Why Study Italian?
In today’s global environment, expertise in modern languages has never been more important. Intercultural knowledge and multilingual skills are highly valued by employers and will give you a competitive edge in the international marketplace.
We offer learning in small classes, where you get to know the staff and your fellow students in a friendly environment. At the same time, our very large and varied range of modules enables you to tailor your degree to your personal needs.
You will benefit from an on-site dedicated Modern Languages centre and translation equipment.
A number of our courses allow you to study Italian as a beginner. This option is available for many of our degrees where German is combined with another subject. Please see our course information for more details.
in the UK for Italian Studies
National Student Survey 2020 [published July 2020]
STUDENT PROFILE Clodagh May Colbeck
BA IN FRENCH, ITALIAN AND SPANISH
"I can honestly say that I have been surrounded by the most supportive people; staff and students alike, and I couldn’t think of a better environment in which to become an independent person, ready to set up your own life."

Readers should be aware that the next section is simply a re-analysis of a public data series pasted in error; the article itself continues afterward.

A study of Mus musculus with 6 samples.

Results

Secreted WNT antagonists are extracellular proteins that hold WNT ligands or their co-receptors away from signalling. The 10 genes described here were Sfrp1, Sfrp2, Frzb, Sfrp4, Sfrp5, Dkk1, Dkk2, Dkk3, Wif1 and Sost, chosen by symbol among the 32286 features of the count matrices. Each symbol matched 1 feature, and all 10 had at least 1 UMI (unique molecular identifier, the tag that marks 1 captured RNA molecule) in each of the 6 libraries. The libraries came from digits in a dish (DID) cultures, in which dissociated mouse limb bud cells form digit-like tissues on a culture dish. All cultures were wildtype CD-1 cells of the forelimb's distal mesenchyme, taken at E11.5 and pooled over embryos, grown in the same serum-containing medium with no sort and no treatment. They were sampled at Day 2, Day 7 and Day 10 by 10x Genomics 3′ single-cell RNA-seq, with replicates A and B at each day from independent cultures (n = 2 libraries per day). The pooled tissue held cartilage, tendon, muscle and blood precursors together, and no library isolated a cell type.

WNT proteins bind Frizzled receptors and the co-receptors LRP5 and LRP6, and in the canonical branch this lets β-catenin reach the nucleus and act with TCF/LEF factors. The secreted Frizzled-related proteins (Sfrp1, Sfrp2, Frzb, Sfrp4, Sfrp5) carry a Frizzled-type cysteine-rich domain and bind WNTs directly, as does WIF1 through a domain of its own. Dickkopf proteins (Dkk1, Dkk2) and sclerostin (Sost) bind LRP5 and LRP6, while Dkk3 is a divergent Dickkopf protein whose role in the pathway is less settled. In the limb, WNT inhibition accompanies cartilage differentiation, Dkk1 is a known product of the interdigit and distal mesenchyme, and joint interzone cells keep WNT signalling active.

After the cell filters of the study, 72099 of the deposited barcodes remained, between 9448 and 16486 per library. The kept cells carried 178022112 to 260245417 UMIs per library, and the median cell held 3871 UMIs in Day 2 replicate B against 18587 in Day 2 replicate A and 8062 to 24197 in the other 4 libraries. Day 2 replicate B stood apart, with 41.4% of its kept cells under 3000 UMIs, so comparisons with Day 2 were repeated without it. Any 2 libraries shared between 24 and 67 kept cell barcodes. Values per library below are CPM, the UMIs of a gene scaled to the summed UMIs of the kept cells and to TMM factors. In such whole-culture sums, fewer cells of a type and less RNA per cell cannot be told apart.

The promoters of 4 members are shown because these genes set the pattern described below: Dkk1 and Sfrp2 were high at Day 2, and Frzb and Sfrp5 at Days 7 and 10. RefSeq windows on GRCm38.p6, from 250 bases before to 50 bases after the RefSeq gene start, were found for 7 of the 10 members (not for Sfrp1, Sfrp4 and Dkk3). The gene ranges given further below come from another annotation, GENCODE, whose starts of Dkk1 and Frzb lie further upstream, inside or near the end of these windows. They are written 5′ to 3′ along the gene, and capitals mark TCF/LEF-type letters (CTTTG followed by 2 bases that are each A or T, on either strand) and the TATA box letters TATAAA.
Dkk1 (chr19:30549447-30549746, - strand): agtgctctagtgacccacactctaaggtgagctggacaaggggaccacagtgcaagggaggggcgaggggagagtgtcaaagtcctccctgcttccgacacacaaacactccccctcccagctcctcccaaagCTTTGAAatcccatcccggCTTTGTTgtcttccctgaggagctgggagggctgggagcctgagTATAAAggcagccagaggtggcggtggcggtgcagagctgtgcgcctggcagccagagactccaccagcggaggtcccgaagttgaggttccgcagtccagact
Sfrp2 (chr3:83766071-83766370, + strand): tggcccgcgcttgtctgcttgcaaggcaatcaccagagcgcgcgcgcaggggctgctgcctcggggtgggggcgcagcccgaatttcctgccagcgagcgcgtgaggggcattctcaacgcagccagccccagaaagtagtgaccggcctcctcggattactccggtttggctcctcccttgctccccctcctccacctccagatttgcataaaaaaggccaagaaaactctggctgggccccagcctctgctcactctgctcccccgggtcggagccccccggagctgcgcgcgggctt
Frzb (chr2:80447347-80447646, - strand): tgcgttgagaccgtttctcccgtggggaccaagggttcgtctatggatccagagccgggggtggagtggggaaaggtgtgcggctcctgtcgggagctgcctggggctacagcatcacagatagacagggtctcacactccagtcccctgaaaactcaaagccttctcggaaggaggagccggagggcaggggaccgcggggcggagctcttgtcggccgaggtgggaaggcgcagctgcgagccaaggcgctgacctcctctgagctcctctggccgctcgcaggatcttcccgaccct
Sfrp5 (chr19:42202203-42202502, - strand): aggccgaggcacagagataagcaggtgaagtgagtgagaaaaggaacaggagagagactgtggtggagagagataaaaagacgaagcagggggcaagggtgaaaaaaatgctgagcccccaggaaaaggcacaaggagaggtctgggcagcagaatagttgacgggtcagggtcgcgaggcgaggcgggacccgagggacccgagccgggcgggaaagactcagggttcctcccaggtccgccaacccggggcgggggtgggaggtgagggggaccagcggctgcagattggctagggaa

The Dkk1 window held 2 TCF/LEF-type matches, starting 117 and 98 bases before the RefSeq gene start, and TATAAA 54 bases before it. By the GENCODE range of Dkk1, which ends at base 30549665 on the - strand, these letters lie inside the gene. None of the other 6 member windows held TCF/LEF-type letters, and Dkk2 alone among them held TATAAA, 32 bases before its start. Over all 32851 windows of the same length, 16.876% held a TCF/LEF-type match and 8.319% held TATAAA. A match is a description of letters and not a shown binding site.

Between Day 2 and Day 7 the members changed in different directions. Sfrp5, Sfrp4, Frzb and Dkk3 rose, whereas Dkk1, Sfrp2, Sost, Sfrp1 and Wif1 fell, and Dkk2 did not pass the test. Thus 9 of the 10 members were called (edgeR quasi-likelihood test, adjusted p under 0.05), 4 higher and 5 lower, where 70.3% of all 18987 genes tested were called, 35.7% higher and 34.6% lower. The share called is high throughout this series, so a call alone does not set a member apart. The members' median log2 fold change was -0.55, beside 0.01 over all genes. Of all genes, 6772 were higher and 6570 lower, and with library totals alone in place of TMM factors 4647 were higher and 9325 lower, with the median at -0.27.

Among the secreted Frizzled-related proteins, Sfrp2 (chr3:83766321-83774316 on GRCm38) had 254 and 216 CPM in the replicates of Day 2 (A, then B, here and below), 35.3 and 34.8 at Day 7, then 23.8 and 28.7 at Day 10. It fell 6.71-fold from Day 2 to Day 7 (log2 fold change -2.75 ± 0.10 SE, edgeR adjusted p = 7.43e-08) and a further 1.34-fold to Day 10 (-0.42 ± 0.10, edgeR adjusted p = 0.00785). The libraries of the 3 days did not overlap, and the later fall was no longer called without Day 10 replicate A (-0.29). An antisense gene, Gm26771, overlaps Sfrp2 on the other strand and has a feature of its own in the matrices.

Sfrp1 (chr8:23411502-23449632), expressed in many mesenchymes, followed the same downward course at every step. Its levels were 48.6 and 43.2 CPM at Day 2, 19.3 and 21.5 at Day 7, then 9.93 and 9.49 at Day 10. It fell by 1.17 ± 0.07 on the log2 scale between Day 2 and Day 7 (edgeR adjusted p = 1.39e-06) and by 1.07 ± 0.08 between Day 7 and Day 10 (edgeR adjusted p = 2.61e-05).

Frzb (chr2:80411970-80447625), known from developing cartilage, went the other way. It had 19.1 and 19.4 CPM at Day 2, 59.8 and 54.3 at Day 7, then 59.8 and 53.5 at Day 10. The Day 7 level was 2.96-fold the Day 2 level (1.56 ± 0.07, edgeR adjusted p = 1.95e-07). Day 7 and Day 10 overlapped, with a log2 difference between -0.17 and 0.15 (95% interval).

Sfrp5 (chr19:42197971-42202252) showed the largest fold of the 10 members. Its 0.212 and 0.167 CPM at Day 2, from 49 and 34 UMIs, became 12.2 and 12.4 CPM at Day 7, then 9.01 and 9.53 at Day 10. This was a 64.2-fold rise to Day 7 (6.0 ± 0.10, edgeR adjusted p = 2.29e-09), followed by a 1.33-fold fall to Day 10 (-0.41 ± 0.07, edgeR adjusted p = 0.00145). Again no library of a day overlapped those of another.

Our Research in Italian
Our international research profile in modern languages is derived from the dynamic work of academic and research staff, who have built major individual and collaborative projects in the histories, cultures and politics of the Francophone, Hispanic, German and Italian-speaking worlds, with a growing specialism in Translation Studies and Chinese Studies.
We are proud of our strong performance in the Government’s Research Excellence Framework (REF 2014), which judged 76% of our research to be internationally excellent or world-leading, with particularly outstanding results on our research impact.
Particular research strengths lie in postcolonial approaches to Francophone and Iberian Cultures, the politics of memory and memorialisation, travel writing, Catalan and Galician Studies, Italian organised crime, translation, power and critical discourse, film and national identities, popular culture and comics, material cultures and material texts, visual cultures and contemporary art.
Our students benefit from a lively and inclusive research community. Not only does our research inform our teaching, we also run an exciting Research Forum each term, comprising a variety of events, including talks from visiting scholars and our own research staff and students, book launches and art, music and poetry performances.